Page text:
This article contains spoilers through Season 2, Episode 1 of Big Little Lies.
The women of Big Little Lies spend their lives picking up the pieces men leave behind. In its first season, which was initially conceptualized as a stand-alone adaptation of the Liane Moriarty novel, the HBO series earned both critical acclaim and a touch of gendered condescension as it introduced viewers to five women navigating murder and myopia in Monterey: Madeline (Reese Witherspoon), Celeste (Nicole Kidman), Jane (Shailene Woodley), Renata (Laura Dern), and Bonnie (Zoë Kravitz). The season ended with the death of Perry (Alexander Skarsgård), Celeste’s abusive husband, who attacked her at a themed fundraiser held at their children’s elementary school—and mysteriously fell down the stairs leading up to the seaside campus.
The Season 2 premiere, which aired Sunday, finds some of the women reeling after Perry’s passing. Bonnie, who ultimately pushed him to his death while he was attacking Celeste, is undone by the weighty secret she’s forced to keep from her family. Celeste, whom Kidman plays with astonishing pathos, wavers between feeling relief at the removed threat to her life and yearning for the husband she loved. Though the other three women have largely moved on from their role in his death, the episode is titled “What Have They Done?”—and the motley crew has summarily been dubbed “the Monterey Five” by their suspicious neighbors. Perry lingers, even in death.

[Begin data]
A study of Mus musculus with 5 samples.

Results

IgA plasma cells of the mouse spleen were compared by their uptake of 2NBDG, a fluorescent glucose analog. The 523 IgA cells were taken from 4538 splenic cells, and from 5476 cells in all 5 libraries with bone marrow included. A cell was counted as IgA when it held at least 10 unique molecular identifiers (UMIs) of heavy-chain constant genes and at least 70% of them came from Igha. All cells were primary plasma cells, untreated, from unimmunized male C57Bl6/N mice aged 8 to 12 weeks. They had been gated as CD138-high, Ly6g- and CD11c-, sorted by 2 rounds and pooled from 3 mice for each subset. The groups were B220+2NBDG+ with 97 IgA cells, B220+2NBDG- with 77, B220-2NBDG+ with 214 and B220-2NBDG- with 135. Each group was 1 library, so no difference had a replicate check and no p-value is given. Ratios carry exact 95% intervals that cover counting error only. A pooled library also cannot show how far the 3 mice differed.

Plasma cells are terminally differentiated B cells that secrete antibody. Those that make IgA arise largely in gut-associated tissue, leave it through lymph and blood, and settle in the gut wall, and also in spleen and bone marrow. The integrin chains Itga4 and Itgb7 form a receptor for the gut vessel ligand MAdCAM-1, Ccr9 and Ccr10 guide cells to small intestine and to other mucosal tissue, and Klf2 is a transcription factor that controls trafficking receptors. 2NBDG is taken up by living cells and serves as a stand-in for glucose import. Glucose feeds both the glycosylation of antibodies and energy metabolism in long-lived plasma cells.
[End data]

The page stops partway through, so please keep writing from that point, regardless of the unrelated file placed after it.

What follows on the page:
With the introduction of Meryl Streep, who plays Perry’s mother, Mary Louise, and whose casting single-handedly justifies the existence of the show’s second season, Big Little Lies is beginning to plumb the depths of Perry’s character. In doing so, the show excavates larger questions about masculinity and its recesses. In an early scene, Mary Louise (incidentally, Streep’s given name in real life) intervenes when her twin grandsons fight in the back seat of the car she’s driving to their first day of second grade. “Quiet! Fine young men don’t suddenly become fine young men all of a sudden in a whoosh, you know,” she spits through a prosthetic overbite. “It starts with being fine young boys, and part of being a fine young boy is listening [to] and respecting your mother.”